If your client’s a parent, the most wonderful time of the year — back-to-school time — might wreak havoc on cash-flow planning.
That’s because 53% of Canadian parents say back-to-school shopping strains their finances, reveals a survey by RetailMeNot, a company that maintains coupon websites.
Though 64% of parents say they set a back-to-school budget, more than half (56%) admit they spend more than planned.
The survey finds parents will spend $883 this year getting kids ready for school — $325 more than what they spent on holiday gifts last year. Further, more than one-third of parents (40%) say they don’t realize how much they spend on back-to-school shopping until they get the credit card bills. And 39% say it takes months to pay off those bills.
The large amount of spending is perhaps more easily understandable considering that, for today’s students, back-to-school shopping lists extend beyond paper, pencils and backpacks. Half of Canadian kids ask for the hottest tech and clothes. For instance, the survey finds smartphones set parents back $255 on average, while laptops cost $582.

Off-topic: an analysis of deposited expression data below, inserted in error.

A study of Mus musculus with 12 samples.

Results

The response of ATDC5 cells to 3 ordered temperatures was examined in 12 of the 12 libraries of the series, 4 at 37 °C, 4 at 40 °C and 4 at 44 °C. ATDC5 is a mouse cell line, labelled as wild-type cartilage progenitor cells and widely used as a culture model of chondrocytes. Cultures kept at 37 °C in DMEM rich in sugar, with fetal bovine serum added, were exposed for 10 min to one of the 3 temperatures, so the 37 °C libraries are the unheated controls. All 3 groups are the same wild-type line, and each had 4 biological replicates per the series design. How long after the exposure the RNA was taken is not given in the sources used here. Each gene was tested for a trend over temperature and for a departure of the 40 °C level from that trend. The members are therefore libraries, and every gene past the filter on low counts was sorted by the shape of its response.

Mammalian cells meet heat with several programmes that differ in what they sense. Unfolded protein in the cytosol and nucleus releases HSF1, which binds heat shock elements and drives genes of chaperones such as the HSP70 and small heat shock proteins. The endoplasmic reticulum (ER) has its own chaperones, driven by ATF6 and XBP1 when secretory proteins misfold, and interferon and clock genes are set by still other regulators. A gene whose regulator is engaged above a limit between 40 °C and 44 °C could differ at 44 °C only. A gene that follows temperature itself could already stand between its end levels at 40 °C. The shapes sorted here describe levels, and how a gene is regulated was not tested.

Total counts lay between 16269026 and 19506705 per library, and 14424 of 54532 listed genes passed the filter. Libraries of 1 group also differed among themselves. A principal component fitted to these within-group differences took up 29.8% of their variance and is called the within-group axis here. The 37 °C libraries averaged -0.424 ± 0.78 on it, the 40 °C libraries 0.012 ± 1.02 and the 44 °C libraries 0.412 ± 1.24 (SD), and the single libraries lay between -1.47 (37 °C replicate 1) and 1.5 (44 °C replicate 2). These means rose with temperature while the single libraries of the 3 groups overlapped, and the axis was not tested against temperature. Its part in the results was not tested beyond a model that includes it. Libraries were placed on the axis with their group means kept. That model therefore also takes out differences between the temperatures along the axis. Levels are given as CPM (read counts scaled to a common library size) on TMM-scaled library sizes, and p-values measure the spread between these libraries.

Of course, emotions make sticking to a cash-flow plan especially difficult: most Canadian parents (62%) say they care more about getting their kids what they need than about saving money. And fathers most agree with this sentiment, with 66% caring more about spending on the kids than saving, versus 58% of mothers.
About the survey: From July 14 to July 15, 2017, an online survey was conducted among 1,519 randomly selected Canadian adults who are Angus Reid Forum panellists. The results are statistically weighted according to census data to ensure a sample representative of the Canadian adult population.